A U.S. Border Patrol agent keeps watch along

A U.S. Border Patrol agent keeps watch along the U.S. and Mexican border in Santa Teresa, New Mexico, on Friday, Feb. 17, 2017. Photo Credit: Bloomberg News / Luke Sharrett

President Donald Trump understands that our current immigration and border security system is failing nearly everyone.

Having our government work collaboratively to fix it will benefit not just Americans but also foreign citizens who aspire to live and work here legally.

Before Trump, the president most interested in immigration reform was John F. Kennedy, who, before he was assassinated, planned to campaign for re-election in 1964 on the issue.

Being “a nation of immigrants,” as Kennedy explained in a book of that title published after his death, is a measure of national strength, not weakness.

Among the countless immigrants who’ve come to love and contribute to our great nation is my Dad, the late Edward Eid. He journeyed to the United States alone on a student visa in 1957 at age 17 with just $100. My Dad was never prouder than on the day during the Kennedy administration he became a U.S. citizen.

Unfortunately, our current immigration policies bear little resemblance to what Kennedy envisioned. In fact, our laws have it exactly backwards, incentivizing illegal immigration over naturalized U.S. citizenship.

A record 4.4 million foreign citizens are currently on the immigrant visa waiting list, and the average wait-time for a Mexican citizen to obtain a visa to enter the U.S. legally is now 18 years.

Small wonder so many people — an estimated 11.3 million — have come here illegally from Mexico and around the world.

Meanwhile, the 1986 Immigration Reform and Control Act, commonly called IRCA, also encourages foreigners to come here illegally, which they can often do in months or even weeks — at little risk to the U.S. companies that eventually employ them.

IRCA dramatically relaxed criminal penalties for businesses that knowingly hire illegal aliens.

As a federal prosecutor, I confronted large-scale hiring of illegal aliens by U.S. employers. Yet thanks to IRCA, U.S. attorneys’ offices can only charge those employers with misdemeanors, not felonies — with nominal fines and little prospect for jail time.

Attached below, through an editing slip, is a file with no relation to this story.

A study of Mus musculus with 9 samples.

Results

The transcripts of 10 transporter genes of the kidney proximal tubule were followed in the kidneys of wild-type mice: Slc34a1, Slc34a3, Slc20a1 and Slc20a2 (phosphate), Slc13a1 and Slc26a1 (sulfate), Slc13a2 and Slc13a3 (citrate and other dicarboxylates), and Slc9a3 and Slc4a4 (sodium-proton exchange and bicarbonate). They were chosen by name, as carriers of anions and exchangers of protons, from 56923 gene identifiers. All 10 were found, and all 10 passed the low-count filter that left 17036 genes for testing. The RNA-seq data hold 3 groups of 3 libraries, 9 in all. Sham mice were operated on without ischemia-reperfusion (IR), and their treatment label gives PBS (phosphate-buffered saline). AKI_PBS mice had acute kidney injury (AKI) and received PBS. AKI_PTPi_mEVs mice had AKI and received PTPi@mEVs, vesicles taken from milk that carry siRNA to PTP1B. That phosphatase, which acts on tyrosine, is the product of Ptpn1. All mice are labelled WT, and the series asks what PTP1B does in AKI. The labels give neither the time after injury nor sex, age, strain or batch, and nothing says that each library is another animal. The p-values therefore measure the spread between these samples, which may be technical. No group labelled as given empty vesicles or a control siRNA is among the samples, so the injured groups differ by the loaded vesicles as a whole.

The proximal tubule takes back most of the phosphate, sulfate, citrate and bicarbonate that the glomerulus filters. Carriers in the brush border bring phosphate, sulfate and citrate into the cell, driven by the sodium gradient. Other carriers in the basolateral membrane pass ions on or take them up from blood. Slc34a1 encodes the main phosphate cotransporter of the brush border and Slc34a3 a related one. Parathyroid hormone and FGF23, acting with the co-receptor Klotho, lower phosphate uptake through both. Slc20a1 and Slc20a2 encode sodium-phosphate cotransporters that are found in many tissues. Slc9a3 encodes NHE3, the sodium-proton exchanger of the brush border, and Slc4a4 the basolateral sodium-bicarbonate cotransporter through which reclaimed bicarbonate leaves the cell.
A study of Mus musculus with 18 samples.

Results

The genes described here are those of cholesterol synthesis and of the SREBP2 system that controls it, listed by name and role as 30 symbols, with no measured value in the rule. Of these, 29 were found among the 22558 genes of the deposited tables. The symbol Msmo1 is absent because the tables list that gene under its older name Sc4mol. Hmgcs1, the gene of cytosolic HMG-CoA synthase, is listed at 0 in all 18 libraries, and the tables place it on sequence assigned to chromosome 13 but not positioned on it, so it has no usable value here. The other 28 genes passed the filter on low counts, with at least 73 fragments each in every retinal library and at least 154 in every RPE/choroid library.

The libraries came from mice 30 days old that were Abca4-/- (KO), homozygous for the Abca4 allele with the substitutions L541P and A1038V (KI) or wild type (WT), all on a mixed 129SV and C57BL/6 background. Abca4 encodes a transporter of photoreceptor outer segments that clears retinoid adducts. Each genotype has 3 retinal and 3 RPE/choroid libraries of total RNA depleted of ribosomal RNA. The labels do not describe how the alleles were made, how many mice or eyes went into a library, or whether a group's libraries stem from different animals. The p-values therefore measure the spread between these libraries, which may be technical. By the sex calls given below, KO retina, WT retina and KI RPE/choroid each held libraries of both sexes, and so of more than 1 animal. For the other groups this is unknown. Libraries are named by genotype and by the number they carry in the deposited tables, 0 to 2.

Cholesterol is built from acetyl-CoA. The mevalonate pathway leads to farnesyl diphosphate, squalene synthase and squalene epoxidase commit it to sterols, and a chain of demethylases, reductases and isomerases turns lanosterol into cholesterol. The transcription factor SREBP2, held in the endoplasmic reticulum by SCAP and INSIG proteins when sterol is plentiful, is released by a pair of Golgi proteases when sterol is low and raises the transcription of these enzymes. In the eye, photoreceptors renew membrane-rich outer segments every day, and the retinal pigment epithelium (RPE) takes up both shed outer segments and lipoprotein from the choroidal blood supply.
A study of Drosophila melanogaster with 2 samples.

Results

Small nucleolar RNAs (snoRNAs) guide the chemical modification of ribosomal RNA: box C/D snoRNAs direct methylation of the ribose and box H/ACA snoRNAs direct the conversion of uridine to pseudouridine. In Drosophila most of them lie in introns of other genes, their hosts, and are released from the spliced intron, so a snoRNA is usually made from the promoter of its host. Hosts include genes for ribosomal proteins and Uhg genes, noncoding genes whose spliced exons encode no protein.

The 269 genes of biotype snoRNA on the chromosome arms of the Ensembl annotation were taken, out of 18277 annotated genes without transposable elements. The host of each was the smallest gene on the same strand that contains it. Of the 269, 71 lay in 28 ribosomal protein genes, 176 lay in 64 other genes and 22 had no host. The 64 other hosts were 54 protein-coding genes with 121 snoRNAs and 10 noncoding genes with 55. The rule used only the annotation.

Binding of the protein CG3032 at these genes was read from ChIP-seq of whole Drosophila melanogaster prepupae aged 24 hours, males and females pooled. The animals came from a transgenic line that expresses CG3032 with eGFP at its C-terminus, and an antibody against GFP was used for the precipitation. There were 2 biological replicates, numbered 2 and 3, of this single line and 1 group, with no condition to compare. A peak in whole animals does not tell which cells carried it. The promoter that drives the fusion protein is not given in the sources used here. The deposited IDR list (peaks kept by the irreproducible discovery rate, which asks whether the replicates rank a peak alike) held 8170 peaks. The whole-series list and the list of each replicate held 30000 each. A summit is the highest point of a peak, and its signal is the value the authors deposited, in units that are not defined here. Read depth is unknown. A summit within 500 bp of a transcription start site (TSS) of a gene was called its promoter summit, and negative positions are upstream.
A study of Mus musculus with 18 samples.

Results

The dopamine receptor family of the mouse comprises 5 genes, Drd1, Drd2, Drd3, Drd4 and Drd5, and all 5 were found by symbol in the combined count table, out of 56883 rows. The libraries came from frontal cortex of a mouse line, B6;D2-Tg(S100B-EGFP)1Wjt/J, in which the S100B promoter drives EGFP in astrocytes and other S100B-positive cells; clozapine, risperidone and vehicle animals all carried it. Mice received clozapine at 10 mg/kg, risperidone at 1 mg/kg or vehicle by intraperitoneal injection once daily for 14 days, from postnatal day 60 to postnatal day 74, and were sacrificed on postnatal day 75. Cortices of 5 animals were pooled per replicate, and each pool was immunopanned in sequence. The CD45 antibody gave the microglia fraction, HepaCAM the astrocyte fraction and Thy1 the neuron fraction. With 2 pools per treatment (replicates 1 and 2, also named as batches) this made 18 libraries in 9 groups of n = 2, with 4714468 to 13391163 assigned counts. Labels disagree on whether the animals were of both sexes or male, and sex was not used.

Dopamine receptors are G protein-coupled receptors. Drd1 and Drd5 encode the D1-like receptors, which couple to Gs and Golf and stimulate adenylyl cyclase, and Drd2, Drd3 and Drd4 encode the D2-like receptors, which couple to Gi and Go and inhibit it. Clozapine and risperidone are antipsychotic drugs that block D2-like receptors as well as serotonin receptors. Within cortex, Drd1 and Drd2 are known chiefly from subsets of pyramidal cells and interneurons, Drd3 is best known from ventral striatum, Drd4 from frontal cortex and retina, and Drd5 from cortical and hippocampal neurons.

President Trump has vowed to overhaul IRCA and curtail federal funding to so-called sanctuary cities, whose elected officials shield illegal aliens — and not incidentally, their often politically powerful U.S. employers — by refusing to cooperate with federal authorities who enforce immigration laws.

Another prudent measure was the president’s executive order temporarily suspending entry to the U.S. for citizens of seven countries: Iran, Iraq, Syria, Somalia, Sudan, Libya and Yemen. Though the order aimed at boosting homeland security was blocked, we’ve been promised a new, more streamlined order is coming. The list of nations is no surprise: President Barack Obama identified these countries in 2015 and 2016 as raising special terrorism concerns.

Trump has also pledged to prosecute illegal aliens who commit violent crimes here. The facts bear out why this priority is vital.

One in every four criminals sentenced to federal prison is an illegal alien who, after committing at least one felony in our country, was deported but returned illegally to the U.S., according to the U.S. Sentencing Commission. The average criminal alien in federal custody has already been deported 3.2 times.

Then there is border security. Trump’s approach relies on virtual protections, such as expanding the E-Verify program so employers don’t hire illegal aliens.

Yet the need for stronger protection along America’s southern border can’t be ignored. The possible benefits are hardly speculative: After constructing a security fence along its Egyptian border, Israel saw illegal border-crossing attempts there plummet.

Immigration reform demands an immigration president. Helping Donald Trump become that leader serves the national interest.

Troy A. Eid, the first Arab-American appointed as a United States attorney, a position he held with the District of Colorado from 2006-2009.